Mental health issues are not just staggeringly prevalent, but have been on the rise across South African communities for quite some time. Unchecked, endemic trauma, deprivation, violence and a wide range of abuses seriously drain the well-being in our country, and ultimately impact negatively on our collective day-to-day experience of life in South Africa. But it’s not just a problem of having an overwhelming need – we also have a shortage of skills in the psychology profession.
Like any other healthcare situation, the old adage ‘prevention is better than cure’ holds true. While there may be some resources directed at clinical and medical treatment for mental health issues, the question is what are we doing when it comes to the proactive prevention and the promotion of mental health at the community level?
Private educational institutions, such as SACAP (the South African College of Applied Psychology), and other stakeholders are raising awareness of Registered Counsellors as an untapped resource when it comes to prevention and the promotion of well-being in communities. “To build an effective mental health defense force, a multi-pronged strategy needs to be implemented that involves greater public awareness of the role of Registered Counsellors and a concerted boost for employment opportunities, especially in under-served communities,” says Dr Laura Fisher PhD, the Director of Academic Affairs at SACAP.
Dr Fisher argues that the current Scope of Practice set out by the Health Professions Council of South Africa (HPCSA) falls short of effectively illuminating the potential of the Registered Counsellor category within the country’s psychology profession. “By positioning Registered Counsellors relative to clinical psychologists, the role has been bound to a clinical/medical psychology discourse of abnormality-, dysfunction- and individually-oriented treatments,” she says.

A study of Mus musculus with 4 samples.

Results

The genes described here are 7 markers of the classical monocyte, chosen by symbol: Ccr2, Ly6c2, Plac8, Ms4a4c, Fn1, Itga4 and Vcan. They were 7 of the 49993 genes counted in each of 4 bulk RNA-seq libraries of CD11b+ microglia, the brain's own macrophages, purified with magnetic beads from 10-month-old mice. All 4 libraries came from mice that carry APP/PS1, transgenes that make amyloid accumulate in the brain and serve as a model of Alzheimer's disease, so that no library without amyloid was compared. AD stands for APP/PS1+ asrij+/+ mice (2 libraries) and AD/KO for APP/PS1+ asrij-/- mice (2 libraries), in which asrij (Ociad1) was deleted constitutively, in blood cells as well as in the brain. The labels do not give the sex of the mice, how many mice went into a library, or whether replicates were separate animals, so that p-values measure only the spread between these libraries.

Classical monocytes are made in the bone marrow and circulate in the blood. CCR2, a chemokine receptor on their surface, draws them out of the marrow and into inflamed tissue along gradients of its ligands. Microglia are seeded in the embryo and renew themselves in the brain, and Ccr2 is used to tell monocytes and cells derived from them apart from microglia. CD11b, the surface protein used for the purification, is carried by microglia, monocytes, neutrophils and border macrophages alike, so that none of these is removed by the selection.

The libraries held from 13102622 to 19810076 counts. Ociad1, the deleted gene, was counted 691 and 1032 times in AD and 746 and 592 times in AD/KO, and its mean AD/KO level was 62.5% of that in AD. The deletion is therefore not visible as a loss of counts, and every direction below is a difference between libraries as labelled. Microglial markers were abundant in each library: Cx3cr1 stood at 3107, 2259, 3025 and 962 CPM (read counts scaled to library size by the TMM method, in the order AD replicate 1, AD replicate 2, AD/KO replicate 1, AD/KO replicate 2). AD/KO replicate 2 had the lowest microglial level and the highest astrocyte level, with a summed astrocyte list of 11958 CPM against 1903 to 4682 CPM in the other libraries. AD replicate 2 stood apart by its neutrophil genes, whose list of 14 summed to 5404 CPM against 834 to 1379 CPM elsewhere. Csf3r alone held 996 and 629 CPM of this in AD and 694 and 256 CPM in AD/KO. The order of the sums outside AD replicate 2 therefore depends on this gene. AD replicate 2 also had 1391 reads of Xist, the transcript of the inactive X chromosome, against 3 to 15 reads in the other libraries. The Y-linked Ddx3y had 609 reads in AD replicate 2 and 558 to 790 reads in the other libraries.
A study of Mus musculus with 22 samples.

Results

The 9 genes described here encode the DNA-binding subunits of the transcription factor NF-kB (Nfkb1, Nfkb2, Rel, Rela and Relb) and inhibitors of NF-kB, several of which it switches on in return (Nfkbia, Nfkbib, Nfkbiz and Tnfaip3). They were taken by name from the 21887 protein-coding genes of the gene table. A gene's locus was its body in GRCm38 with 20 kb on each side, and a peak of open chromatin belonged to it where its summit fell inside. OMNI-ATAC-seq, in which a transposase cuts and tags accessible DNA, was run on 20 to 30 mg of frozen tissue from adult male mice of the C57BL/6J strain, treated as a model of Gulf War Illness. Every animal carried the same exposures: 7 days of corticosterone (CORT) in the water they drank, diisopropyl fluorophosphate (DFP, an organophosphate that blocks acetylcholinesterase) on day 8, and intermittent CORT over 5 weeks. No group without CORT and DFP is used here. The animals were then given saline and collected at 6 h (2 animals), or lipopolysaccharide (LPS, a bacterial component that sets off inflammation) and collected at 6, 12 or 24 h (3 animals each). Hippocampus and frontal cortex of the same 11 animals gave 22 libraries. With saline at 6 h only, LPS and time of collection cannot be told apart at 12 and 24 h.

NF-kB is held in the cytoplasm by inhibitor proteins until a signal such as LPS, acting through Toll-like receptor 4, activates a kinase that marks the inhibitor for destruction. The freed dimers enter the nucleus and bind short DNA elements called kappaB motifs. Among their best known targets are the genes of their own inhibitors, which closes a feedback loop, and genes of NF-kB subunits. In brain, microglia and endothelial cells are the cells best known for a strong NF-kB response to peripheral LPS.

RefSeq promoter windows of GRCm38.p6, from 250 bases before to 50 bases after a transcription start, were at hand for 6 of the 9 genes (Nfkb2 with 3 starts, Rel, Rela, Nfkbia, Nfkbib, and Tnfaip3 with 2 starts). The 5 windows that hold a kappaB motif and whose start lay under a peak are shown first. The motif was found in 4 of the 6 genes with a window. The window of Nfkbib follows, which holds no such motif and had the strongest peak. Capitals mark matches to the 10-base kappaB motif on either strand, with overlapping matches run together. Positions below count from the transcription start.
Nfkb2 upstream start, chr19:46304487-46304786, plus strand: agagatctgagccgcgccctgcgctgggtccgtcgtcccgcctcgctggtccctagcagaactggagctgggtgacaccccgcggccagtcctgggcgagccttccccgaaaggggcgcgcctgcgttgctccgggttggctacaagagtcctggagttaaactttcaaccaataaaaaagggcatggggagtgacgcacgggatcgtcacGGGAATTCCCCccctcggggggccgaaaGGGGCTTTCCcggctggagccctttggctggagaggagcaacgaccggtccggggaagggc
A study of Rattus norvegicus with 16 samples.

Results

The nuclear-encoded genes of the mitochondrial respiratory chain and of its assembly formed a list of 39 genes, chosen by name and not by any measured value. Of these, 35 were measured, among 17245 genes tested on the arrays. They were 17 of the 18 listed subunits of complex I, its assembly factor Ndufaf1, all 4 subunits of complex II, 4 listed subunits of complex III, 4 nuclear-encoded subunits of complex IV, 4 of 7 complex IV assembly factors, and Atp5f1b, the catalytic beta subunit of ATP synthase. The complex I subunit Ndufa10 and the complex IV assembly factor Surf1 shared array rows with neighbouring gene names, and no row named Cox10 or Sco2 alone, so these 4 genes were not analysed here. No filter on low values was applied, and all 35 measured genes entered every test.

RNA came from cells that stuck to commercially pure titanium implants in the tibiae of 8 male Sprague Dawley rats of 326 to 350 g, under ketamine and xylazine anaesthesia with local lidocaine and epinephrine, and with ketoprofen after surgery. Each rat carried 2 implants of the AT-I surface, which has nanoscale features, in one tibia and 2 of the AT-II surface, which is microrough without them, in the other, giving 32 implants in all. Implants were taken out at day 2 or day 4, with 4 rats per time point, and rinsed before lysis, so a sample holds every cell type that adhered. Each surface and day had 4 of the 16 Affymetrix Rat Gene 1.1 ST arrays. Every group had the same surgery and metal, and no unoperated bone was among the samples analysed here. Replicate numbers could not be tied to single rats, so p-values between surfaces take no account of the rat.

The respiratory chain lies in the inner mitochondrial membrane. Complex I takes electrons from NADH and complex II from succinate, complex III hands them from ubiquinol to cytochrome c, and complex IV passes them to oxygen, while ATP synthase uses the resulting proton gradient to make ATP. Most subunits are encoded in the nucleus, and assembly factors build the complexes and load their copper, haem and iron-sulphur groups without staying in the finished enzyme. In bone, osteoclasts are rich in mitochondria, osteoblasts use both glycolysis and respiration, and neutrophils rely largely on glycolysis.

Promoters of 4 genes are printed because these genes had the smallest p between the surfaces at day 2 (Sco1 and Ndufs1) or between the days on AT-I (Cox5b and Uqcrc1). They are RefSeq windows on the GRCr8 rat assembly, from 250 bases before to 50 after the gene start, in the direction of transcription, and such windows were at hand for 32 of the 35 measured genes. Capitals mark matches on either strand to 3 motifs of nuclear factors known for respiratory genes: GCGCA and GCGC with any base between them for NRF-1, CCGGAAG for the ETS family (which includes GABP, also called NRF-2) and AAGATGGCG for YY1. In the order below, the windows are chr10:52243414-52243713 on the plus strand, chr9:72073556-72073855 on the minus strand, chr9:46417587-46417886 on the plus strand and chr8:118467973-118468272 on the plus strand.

The problem with this, is that it is not aligned to the vision of training up a strong cohort of Registered Counsellors to create a groundswell for scaling up access to and delivery of mental healthcare services nationally. The primary role of a Registered Counsellor is aimed at providing psychological interventions for prevention and mental health promotion and wellness.
They are trained and well-positioned to specifically provide community-based psychological services, including supportive counselling, the promotion of mental health and well-being, psychological screening and assessment, as well as psycho-education. Yet, when it comes to their current, real-life work situation, the majority of proper career opportunities arise in the clinical treatment environment instead of in the community.